A Surgeon’s Second Set of Hands

SHS PA-Bay Shore Graduate Thomas Burns Talks About the Role of a Physician Assistant

October 13, 2016
PA Thomas Burns, right background, assists in an open-heart surgery.
PA Thomas Burns, right background, assists in an open-heart surgery.

“We work with the surgeons in the ICU—the PA is highly autonomous both medically and procedurally,” said Burns, a graduate of Touro’s School of Health Sciences (SHS) Physician Assistant program in Bay Shore. “In the ICU we’re managing critically ill patients and performing invasive procedures. In the operating room we are an extension of the surgeon."

Burns initially thought about going to medical school, but a classmate recommended PA school while Burns was in his junior year at St. Joseph’s College.

“I looked into the profession and it was just much more appealing,” he said. “I wanted to go into a surgical specialty and this was the shortest course. I didn’t want to be in my thirties and still be a novice.”

Since graduating in 2003 from the Bay Shore campus, Burns has never looked back.

“The Bay Shore program was a great experience— excellent professors and excellent classmates,” he said. “It was hard at times, but we all got through.”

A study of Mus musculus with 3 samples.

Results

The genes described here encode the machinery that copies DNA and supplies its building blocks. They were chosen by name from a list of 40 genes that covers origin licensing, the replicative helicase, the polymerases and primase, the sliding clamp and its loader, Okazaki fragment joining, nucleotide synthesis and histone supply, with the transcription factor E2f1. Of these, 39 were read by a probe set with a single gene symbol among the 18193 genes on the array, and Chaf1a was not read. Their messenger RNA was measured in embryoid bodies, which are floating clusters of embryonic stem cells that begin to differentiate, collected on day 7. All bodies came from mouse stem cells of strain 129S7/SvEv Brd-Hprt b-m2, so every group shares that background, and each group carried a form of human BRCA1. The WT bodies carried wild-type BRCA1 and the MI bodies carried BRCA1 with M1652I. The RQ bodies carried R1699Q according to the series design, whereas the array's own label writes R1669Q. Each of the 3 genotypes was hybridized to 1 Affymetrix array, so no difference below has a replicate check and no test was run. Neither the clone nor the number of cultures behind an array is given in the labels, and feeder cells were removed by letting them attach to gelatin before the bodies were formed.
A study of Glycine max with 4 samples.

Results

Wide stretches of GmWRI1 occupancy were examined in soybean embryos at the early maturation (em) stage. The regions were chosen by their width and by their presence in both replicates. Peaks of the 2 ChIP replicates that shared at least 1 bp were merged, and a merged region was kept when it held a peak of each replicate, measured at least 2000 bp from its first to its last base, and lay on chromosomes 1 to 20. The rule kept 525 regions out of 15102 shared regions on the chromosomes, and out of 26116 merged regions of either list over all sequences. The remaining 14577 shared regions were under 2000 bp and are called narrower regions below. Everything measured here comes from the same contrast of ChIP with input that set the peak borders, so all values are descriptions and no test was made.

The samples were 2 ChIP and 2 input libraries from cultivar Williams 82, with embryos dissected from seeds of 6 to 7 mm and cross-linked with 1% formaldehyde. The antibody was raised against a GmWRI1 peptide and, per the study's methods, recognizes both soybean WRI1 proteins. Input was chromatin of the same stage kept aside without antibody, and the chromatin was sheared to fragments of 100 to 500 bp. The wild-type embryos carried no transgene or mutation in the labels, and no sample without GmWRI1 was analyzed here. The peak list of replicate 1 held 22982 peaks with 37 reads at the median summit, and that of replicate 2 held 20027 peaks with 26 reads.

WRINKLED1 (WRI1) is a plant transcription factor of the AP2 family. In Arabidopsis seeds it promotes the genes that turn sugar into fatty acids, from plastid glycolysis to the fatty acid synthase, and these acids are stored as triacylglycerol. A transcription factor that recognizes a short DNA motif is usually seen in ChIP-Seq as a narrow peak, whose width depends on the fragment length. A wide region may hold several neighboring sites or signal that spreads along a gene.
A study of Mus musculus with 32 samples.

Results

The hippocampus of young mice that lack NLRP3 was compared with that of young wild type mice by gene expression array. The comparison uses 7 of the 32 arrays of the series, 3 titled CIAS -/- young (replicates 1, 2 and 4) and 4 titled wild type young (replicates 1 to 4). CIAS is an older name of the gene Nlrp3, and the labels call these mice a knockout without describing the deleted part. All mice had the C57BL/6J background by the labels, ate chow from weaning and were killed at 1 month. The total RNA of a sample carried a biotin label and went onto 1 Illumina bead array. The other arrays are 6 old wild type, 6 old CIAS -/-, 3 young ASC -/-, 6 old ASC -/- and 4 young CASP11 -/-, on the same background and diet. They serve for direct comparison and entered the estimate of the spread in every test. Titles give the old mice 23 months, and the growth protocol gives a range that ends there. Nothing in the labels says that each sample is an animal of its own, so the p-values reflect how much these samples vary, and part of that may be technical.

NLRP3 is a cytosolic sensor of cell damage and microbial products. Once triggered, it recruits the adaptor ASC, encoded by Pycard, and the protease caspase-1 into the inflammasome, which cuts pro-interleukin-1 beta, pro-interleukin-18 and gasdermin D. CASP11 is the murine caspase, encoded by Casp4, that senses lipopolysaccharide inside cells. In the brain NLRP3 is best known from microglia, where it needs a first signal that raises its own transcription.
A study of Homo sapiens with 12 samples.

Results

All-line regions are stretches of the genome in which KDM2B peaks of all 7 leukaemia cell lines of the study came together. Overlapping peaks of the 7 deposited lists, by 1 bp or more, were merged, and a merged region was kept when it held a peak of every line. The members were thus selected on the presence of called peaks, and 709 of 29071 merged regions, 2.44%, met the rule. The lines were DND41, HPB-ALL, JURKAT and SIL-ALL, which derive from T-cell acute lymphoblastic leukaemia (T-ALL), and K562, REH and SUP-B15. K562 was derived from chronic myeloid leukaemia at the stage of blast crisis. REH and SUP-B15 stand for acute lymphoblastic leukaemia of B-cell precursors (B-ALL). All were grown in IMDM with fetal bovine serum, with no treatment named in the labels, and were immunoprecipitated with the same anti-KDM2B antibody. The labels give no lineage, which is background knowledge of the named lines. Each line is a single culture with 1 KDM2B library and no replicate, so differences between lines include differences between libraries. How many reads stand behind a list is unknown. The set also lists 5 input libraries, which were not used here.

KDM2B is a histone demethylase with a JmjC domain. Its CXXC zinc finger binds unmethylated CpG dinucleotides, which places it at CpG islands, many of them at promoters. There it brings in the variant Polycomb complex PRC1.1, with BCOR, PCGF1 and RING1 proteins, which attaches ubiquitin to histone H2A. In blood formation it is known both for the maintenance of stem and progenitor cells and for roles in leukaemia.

Shortly after graduation, Burns was hired by Long Island Jewish Hospital. When the hospital acquired South Side Hospital they assigned Burns to the new location, blocks away from his alma mater in Bay Shore.

“We have the respect of the nurses, patients and physicians,” he said about the role. “We play a vital role in coordination and the implementation of healthcare in a hospital. We’re a physicians’ eyes and ears; we maintain their record with the patient and we help nurses take care of the patients. It’s the whole package.”

In his capacity as supervising physician assistant, Burns mentors a staff of 15 PAs while fulfilling an assortment of other roles including scheduling, training and education, quality reviews, performance evaluation and hiring and recruitment. He’s also a full-time member of the clinical staff, which includes managing the ICU, first-assisting in the operating room in cardiac and thoracic cases and conduit harvesting (removing veins from the legs and arms) for bypass surgery.

He suggests that people considering PA school should shadow a PA in the field they’re most interested in.

“One of the perks of being a PA is that you can do any specialty,” he said. “Get exposure so you know what you can handle.”